This week, Mastercard launched Threat Scan, a global solution to help banks spot authorization weaknesses before a breach occurs. This new product is in line with recent cybersecurity trends toward identifying threats before they occur.
In August, Visa launched new early detection and warning tools that use artificial intelligence (AI) and deep learning across the company’s transactional records to identify anomalies that indicate that hackers may have gained access to a merchant or financial institution’s systems and are gearing up to use them for malicious purposes.
The latest Digital Fraud Tracker details established and emerging fraud trends and focuses on how financial institutions and merchants can use machine learning (ML) and AI to become more proactive in detecting and fighting digital fraud.
Here are some recent statistics about different types of digital fraud.
Account Takeover (ATO) Fraud
Account takeover (ATO) fraud shows no signs of letting up. According to the latest DataVisor Fraud Index Report, fraud losses hit $14.7 billion last year, with ATO fraud contributing $4 billion in losses. The eCommerce sector was a favorite target for fraudsters, representing 40 percent of total losses due to ATOs.
Online Shopping Fraud
As alluded to above, eCommerce is a popular fraud target. The Federal Trade Commission’s new Consumer Protection Data Spotlight shows that millennials (ages 20 to 39) are twice as likely to report losing money to online shopping fraud than their older counterparts. Online shopping fraud reports include complaints about items that are never delivered or are not as they were advertised. The top five frauds to which millennials report losing money are online shopping frauds, business imposters, government imposters and fake check scams.
As reported recently, a new strain of ransomware has been hitting U.S. firms and firms based overseas. The latest news centers on Sodinokibi, a ransomware strain that has helped fraudsters make higher ransom demands.
Cybersecurity firm Barracuda found that more than 50 ransomware attacks have been reported in the first half of 2019, and a report from cybersecurity solution provider Coveware discovered that the cost of ransomware attacks is increasing. The average value of ransom payouts during Q2 2019 was $36,295, up significantly from the $5,973 reported in Q3 2018.
Because of the huge number of emails sent daily — by some estimates, 3.7 billion people send around 269 billion emails every single day — this type of online communication is vulnerable to phishing attacks. Recent research indicates 30 percent of targeted attempts are made via phishing emails, and that 15 percent of victims are repeat targets.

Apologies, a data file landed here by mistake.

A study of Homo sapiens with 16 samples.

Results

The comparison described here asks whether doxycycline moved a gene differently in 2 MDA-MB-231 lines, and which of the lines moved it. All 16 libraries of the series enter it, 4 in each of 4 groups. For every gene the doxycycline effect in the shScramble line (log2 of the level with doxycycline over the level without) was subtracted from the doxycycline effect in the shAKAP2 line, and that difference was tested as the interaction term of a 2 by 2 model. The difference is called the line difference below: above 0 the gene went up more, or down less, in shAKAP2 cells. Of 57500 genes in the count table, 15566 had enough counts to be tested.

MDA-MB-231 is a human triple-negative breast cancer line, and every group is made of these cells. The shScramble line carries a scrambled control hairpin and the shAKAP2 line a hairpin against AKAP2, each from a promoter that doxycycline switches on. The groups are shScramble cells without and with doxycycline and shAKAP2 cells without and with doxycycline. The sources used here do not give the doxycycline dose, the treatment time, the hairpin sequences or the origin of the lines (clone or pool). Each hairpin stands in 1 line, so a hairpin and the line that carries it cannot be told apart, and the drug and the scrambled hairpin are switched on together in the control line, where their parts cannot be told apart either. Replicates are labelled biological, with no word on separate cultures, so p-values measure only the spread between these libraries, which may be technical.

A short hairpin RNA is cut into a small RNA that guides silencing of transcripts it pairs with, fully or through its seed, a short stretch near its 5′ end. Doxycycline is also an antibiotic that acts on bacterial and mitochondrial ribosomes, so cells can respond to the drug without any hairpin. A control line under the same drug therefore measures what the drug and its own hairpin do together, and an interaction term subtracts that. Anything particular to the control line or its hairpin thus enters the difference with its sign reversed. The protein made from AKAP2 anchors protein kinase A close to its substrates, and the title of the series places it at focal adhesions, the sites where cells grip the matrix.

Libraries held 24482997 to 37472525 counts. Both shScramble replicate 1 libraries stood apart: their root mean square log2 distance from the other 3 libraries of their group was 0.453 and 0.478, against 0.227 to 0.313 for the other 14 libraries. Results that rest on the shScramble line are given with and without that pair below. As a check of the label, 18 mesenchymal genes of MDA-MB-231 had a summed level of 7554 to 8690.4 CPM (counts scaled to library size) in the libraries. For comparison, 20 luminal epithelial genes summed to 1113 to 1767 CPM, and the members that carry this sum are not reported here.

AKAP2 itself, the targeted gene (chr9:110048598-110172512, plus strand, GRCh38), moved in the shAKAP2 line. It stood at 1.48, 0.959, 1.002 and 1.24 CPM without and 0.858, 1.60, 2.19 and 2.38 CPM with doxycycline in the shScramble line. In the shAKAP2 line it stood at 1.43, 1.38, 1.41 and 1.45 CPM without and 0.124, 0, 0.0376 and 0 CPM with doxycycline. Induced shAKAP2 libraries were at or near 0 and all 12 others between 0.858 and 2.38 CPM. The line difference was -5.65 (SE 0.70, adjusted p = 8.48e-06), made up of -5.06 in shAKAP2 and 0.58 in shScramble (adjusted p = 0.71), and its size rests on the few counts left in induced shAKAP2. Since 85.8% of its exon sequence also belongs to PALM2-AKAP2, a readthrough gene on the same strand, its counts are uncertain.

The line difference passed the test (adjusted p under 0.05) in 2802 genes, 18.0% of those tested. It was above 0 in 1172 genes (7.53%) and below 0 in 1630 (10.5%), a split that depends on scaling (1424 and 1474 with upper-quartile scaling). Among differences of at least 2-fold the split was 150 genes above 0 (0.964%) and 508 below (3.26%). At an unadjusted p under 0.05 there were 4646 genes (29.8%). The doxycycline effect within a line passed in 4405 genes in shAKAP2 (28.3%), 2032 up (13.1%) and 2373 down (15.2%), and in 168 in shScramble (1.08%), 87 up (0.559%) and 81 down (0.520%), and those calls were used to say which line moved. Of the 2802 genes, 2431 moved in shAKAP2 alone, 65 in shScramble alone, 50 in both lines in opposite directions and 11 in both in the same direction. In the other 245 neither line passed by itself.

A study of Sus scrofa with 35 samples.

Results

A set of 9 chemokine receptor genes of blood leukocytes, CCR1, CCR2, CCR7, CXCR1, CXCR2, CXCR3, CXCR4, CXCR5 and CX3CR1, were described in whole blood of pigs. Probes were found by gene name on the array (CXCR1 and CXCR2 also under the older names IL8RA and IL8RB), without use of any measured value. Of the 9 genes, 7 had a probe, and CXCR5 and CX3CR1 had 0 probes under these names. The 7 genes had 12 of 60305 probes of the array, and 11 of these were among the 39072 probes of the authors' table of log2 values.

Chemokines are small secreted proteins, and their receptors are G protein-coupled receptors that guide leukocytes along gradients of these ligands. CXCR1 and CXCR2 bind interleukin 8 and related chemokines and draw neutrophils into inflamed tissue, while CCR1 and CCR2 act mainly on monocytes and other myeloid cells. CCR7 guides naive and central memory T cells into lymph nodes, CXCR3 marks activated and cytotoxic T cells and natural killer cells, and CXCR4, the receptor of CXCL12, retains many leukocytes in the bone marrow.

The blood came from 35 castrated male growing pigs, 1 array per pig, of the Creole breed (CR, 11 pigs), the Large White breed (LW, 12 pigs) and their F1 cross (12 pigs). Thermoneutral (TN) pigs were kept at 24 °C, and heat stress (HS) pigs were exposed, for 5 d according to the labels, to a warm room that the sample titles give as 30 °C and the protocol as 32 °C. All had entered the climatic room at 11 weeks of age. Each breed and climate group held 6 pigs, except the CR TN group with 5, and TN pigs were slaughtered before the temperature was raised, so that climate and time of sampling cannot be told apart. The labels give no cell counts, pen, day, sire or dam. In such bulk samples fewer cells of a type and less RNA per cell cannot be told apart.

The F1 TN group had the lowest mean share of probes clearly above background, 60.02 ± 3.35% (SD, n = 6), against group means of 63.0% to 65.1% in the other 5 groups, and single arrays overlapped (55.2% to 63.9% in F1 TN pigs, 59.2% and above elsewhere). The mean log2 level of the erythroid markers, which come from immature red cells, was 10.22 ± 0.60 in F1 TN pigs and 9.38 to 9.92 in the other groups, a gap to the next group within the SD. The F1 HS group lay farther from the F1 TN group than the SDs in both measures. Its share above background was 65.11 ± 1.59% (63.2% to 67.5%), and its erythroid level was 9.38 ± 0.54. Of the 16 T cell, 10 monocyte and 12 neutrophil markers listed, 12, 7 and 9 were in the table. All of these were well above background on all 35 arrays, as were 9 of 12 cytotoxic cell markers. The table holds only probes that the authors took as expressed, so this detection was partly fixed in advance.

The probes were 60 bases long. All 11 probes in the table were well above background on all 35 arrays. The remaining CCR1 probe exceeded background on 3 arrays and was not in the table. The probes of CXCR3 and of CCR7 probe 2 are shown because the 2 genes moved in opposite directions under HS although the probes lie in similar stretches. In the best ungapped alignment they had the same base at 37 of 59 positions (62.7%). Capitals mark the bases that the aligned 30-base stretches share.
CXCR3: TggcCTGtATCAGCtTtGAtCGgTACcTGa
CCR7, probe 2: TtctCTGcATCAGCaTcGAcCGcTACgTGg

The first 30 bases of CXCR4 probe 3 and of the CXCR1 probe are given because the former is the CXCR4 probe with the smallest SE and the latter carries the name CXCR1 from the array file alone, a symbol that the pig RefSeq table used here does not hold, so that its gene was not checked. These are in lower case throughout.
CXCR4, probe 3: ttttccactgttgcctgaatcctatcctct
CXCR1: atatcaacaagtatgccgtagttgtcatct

Machine Learning and Artificial Intelligence as Proactive Solutions
Banks are increasingly employing AI and ML tools to fight fraud. Recent data found that 28 percent of banks are prioritizing security improvements in 2019, and 77 percent of banks are already putting AI solutions to use.
A recent Visa survey of professionals from the banking, FinTech and merchant sectors found that 62 percent expect new payment methods to become available over the next two years.
However, 61 percent are concerned that these new technologies will make them more vulnerable to fraud. Specifically, 68 percent are concerned about mobile banking fraud and 58 percent are concerned about peer-to-peer (P2P) payments.
More than three-fourths (77 percent) are ready to invest in solutions. The report recommended adoption of advanced solutions like AI and ML to make it easier to detect and analyze fraud.
Legacy fraud solutions are limited because they can only react to incidents after they unfold, an approach that is no longer effective given fraudsters’ creativity and adaptability.
Andrew Sloper, head of digital authentication at JPMorgan Chase, spoke to PYMNTS about how ML is enabling the bank to take a preventative approach to fighting fraud by analyzing data in real time and finding activities that could point to more serious fraud threats. This reverses the traditional model of responding to fraud after it is detected. “It essentially allows us to detect patterns as they emerge, even ahead of fraud being committed,” he said. “It helps [us] to take a more proactive approach,” he said.
Yinglian Xie, co-founder and CEO at DataVisor, also believes in the power of AI and unsupervised machine learning to become more proactive rather than reactive to fight fraud. “Advanced unsupervised ML solutions can find correlated patterns that reveal coordinated malicious activity, enabling businesses to stop new and emerging attacks before they launch,” she said.
Unsupervised ML solutions promise many benefits, but financial institutions and merchants looking to implement them may perceive them to be costly investments. However, according to PYMNTS’ AI Innovation Playbook: Perception Versus Reality in Payments and Banking Services, 61 percent of FIs said they were planning to invest further in their supervised and unsupervised learning tools.